U.S. Ambassador to the United Nations Nikki Haley hailed Israel Tuesday for its “restraint” in Gaza, where troops killed at least 60 Palestinians in a deadly day of protests over the U.S. embassy's move from Tel Aviv to Jerusalem.
A few hours later she walked out of the emergency Security Council session as the Palestinian envoy prepared to speak.
“Who among us would accept this type of activity on your border? No one would,” Haley told the U.N. Security Council session, referring to reports that protesters threw molotov cocktails and attempted to breach Israel's border on Monday. “No country in this chamber would act with more restraint than Israel has.”
The U.S. also vetoed a drafted statement by the Security Council that called for an independent probe into Monday's deaths.
“The Security Council expresses its outrage and sorrow at the killing of Palestinian civilians exercising their right to peaceful protest," the draft statement read. "The Security Council calls for an independent and transparent investigation into these actions to ensure accountability."
Monday was the deadliest day between Israelis and Palestinians since the 2014 Gaza War. At least 60 Palestinians were killed in violent clashes on the border, when Israeli soldiers fired live ammunition and tear gas, according to Gaza’s Health Ministry. At least 2,700 more were injured in the clashes, according to the Palestinian Health Ministry in Gaza, with roughly half suffering wounds from live ammunition.
Protests on Israel's border have been raging since late March, when Hamas called on its supporters to demonstrate against Israel's decade-long blockade that has crippled Gaza's economy and depleted its healthcare system. Save the Children reported Monday that at least 1,000 children have been injured since the protests began more than six weeks ago.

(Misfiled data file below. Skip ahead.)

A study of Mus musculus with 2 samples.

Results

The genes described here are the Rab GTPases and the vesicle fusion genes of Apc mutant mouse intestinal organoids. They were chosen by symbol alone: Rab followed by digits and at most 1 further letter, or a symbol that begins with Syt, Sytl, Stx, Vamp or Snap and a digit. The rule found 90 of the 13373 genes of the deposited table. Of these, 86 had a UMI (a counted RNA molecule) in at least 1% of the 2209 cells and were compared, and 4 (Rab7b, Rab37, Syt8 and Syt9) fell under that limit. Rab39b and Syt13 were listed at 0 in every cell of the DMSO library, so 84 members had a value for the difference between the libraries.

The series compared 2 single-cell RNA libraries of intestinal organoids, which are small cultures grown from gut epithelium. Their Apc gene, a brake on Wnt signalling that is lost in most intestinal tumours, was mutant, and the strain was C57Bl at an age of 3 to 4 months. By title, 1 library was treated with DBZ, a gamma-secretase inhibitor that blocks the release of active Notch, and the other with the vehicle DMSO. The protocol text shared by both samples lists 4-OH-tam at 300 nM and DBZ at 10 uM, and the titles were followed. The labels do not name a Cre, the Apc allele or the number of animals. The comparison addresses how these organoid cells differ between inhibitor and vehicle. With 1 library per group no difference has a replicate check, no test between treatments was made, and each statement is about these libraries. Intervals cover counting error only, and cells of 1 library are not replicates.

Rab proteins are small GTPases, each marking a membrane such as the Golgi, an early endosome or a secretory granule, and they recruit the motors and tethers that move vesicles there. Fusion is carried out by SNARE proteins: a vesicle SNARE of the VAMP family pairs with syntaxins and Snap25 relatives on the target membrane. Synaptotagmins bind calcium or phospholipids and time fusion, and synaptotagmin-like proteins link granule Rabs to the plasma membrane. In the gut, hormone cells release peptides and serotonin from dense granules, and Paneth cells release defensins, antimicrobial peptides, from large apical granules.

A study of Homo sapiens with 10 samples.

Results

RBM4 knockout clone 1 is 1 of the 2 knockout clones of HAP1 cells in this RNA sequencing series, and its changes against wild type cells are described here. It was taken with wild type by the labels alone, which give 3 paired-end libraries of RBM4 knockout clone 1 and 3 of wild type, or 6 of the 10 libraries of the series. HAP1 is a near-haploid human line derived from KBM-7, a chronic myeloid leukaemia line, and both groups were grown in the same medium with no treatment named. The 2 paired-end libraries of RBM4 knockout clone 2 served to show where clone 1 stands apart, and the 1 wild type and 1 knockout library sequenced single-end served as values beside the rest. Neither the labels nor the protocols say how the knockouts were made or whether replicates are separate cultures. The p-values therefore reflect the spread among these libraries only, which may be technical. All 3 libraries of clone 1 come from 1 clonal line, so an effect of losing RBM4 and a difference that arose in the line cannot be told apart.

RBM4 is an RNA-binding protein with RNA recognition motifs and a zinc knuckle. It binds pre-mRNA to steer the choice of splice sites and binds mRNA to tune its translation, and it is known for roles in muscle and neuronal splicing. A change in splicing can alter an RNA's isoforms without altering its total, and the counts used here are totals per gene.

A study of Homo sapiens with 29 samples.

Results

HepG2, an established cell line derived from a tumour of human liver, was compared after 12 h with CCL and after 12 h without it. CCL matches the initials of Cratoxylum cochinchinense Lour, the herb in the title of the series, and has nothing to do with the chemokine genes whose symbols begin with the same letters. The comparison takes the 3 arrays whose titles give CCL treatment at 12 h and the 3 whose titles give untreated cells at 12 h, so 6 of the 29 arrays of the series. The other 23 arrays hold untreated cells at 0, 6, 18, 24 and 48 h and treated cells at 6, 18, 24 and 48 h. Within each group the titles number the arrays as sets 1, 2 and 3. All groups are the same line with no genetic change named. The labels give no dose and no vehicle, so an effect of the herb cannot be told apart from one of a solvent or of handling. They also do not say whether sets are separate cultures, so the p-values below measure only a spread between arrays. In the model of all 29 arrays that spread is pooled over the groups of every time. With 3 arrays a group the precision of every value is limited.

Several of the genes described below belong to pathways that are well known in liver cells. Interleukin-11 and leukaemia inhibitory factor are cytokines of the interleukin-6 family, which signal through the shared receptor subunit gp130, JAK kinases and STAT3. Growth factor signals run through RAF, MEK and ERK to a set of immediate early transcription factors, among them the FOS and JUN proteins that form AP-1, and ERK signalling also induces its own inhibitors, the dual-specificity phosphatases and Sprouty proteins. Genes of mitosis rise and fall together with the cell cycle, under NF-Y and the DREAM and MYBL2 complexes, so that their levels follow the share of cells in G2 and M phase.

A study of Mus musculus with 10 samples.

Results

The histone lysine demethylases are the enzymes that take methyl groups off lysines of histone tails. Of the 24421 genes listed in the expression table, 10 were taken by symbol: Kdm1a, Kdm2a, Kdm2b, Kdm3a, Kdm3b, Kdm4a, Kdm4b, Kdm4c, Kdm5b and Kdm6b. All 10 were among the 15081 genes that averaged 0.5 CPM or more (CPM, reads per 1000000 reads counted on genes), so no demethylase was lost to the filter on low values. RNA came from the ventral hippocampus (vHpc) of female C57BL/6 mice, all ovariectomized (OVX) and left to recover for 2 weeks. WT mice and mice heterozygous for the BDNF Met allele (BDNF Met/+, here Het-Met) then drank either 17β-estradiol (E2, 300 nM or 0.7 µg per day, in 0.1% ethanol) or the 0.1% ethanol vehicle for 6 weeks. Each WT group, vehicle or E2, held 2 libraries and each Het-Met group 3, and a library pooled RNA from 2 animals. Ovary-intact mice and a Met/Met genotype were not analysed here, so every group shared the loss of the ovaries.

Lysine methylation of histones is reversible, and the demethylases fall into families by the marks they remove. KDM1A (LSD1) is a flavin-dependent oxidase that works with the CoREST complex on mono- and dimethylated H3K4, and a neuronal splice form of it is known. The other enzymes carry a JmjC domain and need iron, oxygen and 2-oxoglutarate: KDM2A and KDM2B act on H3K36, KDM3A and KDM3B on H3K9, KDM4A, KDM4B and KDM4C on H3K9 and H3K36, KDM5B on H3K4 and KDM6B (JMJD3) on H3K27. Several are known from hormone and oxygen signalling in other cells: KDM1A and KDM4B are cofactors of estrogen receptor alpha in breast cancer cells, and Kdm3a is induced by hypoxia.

“Let's remember that the Hamas terrorist organization has been inciting violence for years, long before the United States decided to move our embassy,” Haley said. “This is what is endangering the people of Gaza.”
Haley's comments stood in stark contrast to much of the international community.
French President Emmanuel Macron and Britain’s minister for the Middle East, Alistair Burt both condemned the violence against the mostly unarmed Palestinian demonstrators in Gaza.
“We will not waver from our support for Israel’s right to defend its borders,” Burt said in a statement. “But the large volume of live fire is extremely concerning. We continue to implore Israel to show greater restraint.”
Rupert Colville, spokesperson for the UN High Commissioner for Human Rights, said that attempts to cross the border fence “do not amount to a threat to life or serious injury and are not sufficient grounds for the use of live ammunition.”
“We condemn the appalling, deadly violence in Gaza yesterday,” Colville said.
Turkey, along with the South African government, recalled their ambassadors from Israel as a result of the violence on the border.